With the NBA’s new CBA bringing teams closer and closer to paying bigger fines for exceeding the salary cap, player movement and contract negotiations were framed in a different light this offseason.
Couple ownership salary cap concerns with the unprecedented number of front office and coaching changes that took place this offseason, and the flood gates opened to provide a heaping helping of intrigue going into the 2013-14 season.
So, where did all of those free agents and misfit players end up up at the end of the offseason? Let’s take a look at the Eastern Conference offseason moves.
via Rotowire.com – Fantasy NBA Draft Kit: Offseason Moves – Eastern Conference.
Not gonna lie…. I won’t miss Scott Skiles.
It’s not that he’s a bad coach. I think he’s actually pretty good, and he’s had a fair amount of success in this league. But his distribution of minutes is famously unpredictable, which has destroyed the fantasy value of quite a few players on Skiles’ teams. I’ve been consciously avoiding Milwaukee players – with the notable exceptions of Brandon Jennings and Monta Ellis – in fantasy drafts for that very reason. Given the choice between a guy who will play 30 minutes consistently and one who will play 35 one night and then 13-14 for three straight games, I’ll take the guy getting regular run every time.
Inconsistent playing time might also have hurt the development of promising young frontcourt players like Larry Sanders. Sanders (71 percent owned) could get a nice boost under new coach Jim Boylan. He played 31 minutes in Wednesday’s win over Chicago – up from his season average of 24.8 – and has been a force in the paint of late (13 blocks in Boylan’s two games calling the plays). It’ll be nice to plug Sanders into lineups and have confidence that he’ll get starter-type minutes on a much more regular basis.
Of course, rotations can also be too predictable. Brooklyn’s Avery Johnson was known for having carved-in-stone substitution patterns, which may have allowed some of his more-established players to get a little too comfortable. And that level of comfort – and the lackadaisical play that followed – is a big reason why Johnson is no longer employed by the Nets.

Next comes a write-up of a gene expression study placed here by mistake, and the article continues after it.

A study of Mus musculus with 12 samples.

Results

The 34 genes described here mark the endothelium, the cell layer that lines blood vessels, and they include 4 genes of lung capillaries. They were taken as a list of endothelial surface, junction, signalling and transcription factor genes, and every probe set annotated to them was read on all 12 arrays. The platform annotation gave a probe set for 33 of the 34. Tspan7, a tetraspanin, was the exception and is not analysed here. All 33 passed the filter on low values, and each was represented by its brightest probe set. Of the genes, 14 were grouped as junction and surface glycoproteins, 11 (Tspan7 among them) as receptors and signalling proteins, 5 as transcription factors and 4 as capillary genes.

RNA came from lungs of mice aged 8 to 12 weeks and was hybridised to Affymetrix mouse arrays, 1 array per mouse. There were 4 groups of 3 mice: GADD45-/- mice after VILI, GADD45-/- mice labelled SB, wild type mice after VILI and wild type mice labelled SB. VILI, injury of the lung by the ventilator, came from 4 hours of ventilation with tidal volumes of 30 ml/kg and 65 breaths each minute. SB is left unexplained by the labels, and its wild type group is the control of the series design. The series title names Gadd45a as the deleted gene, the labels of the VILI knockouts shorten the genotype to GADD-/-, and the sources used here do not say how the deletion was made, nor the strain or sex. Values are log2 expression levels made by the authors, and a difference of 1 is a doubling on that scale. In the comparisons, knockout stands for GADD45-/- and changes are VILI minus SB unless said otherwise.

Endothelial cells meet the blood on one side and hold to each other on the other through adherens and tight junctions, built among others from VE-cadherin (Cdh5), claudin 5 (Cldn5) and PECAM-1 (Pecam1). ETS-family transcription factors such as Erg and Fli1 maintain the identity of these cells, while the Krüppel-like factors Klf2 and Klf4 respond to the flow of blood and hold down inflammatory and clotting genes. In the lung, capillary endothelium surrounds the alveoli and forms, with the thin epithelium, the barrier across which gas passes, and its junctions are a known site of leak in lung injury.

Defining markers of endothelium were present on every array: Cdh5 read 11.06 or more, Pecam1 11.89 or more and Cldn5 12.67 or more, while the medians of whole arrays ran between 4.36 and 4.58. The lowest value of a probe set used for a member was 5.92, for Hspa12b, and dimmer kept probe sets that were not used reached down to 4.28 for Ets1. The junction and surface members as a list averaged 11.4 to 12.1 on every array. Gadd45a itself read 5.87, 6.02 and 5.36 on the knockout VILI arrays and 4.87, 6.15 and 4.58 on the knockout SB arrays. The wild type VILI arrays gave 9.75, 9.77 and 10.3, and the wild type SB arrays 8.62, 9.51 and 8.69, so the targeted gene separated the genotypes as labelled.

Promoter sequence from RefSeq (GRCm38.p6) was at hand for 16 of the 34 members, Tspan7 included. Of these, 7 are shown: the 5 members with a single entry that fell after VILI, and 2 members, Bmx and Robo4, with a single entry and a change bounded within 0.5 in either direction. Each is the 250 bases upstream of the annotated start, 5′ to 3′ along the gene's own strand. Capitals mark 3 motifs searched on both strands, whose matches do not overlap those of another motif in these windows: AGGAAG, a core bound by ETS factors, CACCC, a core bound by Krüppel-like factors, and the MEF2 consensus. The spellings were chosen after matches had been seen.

Interim coach P.J. Carlesimo has been preaching accountability since taking over the job. Specifically, he’s said that players that aren’t playing up to par on both ends of the floor will get pulled. That probably doesn’t mean we’ll see a big shakeup in the Nets’ rotation, but it’s possible that someone like MarShon Brooks – a promising second-year guard who spent much of this season in Johnson’s doghouse – could re-emerge.
via Waiver Wire: Bad Rotation – RotoWire.com.
Just yesterday, in the context of a Twitter discussion about Dirk Nowitzki, I was idly wondering what Robert “Tractor” Traylor was doing.
Less than 24 hours later, I heard the news. Traylor has been found dead in his Puerto Rico apartment. He has been playing for a professional team on the island this season, appearing in 10 games for the Vaqueros de Bayamon, and was in the process of working his way back from an injury. According to Internet reports, Traylor suffered a massive heart attack.
He was just 34 years old.
Traylor was the 6th overall pick of the Dallas Mavericks in the 1998 NBA Draft, and shipped to Milwaukee in exchange for 9th overall pick Dirk Nowitzki. He played seven seasons in the NBA, most recently for the Cavaliers in 2004-05.